Social Work experts say larger conversation needed before defunding the police

MEMPHIS, Tenn. — As calls to defund police are growing louder, police departments aren’t the only ones suggesting changes shouldn’t be rash. FOX13 spoke to two social work experts who said a lot of conversations need to take place before that happens.

Social workers told FOX13 they would be happy to have the extra money, but not at the expense of putting additional responsibility on an already overburdened system.

Susan Neely-Barnes is the Director of the University of Memphis School of Social Work.


With calls to defund the police, that money along with several police responsibilities would fall to social workers, a group struggling to manage the workload already placed on them.

“The system of social welfare is broken,” Neely-Barnes said. “We have a fragmented social welfare system. Because of that, a lot of things fall through the gaps. A lot of systems are badly underfunded.”

She said while she would welcome additional funding for social work, it needs to be part of a broader conversation. Her colleague, Melissa Hirschi agrees.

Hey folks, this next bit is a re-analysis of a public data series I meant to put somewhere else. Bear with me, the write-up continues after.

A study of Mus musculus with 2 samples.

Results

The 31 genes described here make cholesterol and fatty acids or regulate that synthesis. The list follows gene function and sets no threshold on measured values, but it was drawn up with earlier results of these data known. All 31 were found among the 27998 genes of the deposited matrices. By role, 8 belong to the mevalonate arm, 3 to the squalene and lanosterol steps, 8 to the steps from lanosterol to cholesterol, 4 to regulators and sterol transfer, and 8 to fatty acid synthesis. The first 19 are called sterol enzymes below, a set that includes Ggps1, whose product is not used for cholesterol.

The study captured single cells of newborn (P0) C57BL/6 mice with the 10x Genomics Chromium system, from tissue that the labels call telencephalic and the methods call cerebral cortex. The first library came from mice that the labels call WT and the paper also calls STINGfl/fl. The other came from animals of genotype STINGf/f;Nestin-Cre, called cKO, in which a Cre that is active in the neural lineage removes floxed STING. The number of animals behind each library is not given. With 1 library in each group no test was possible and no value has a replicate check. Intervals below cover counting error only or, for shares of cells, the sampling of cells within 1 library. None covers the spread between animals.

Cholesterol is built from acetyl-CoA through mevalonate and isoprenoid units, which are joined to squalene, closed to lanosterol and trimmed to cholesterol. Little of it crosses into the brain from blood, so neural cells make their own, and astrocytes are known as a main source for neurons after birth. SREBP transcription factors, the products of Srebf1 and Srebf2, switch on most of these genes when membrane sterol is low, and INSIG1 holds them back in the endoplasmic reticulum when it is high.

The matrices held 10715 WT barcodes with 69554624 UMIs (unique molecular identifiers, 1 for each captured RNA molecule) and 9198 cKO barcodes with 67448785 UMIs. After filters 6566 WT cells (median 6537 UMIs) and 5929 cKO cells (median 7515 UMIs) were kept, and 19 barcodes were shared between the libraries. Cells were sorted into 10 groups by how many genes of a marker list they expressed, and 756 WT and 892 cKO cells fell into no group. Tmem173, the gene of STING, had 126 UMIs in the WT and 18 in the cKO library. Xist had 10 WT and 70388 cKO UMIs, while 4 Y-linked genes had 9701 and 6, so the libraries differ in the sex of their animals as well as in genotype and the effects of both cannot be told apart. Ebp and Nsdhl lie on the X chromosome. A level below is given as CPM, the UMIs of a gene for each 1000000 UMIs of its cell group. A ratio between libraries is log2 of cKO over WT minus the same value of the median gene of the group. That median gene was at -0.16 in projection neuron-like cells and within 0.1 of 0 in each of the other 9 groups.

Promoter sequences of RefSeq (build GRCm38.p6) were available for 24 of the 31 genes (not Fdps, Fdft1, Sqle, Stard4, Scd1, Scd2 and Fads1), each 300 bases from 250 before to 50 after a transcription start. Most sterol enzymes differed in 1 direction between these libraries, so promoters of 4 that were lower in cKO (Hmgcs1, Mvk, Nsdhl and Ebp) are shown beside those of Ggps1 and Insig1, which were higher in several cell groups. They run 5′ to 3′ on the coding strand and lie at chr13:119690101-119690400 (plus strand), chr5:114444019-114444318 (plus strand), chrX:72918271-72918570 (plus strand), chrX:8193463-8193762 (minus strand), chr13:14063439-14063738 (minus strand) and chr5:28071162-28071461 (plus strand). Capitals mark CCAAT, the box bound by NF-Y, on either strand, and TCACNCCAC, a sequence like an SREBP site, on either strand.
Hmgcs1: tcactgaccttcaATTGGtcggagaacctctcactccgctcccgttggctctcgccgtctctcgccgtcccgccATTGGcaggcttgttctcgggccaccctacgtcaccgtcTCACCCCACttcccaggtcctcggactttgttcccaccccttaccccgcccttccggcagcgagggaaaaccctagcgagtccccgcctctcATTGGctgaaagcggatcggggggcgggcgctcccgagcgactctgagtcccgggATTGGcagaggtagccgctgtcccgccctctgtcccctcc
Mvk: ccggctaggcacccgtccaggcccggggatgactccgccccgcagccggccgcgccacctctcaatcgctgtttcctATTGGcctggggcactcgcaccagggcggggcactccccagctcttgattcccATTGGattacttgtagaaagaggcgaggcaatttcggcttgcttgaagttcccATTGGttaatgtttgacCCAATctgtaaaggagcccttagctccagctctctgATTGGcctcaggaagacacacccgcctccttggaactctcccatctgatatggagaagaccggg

“As a collective, what is going to work for our community? Because what works for Florida may not be the best for our system,” said Hirschi.

Hirschi, an assistant professor at the University of Memphis School of Social Work, said we as a society need to value mental health. She said right now we expect the police to do the job of mental health professionals, while also being the ones tasked with protecting the public and defending themselves.

“However we ended up where we are, the police have also become our frontline mental health workers. That is not ideal,” said Hirschi. “If we as a society are expecting police to fulfill this type of role, they need the skills and the tools to be able to do that. But we still need mental health services that people can access.”

These experts said this process isn’t going to happen overnight and it shouldn’t. In a perfect world, cops and social workers agree – police wouldn’t be defunded – their funding could be used on community policing and training – while additional funding would be set aside to help ease the burden on social workers and prepare them to take on the responsibilities currently carried by officers.

They’re hopeful social workers get a seat at the table for any upcoming discussions.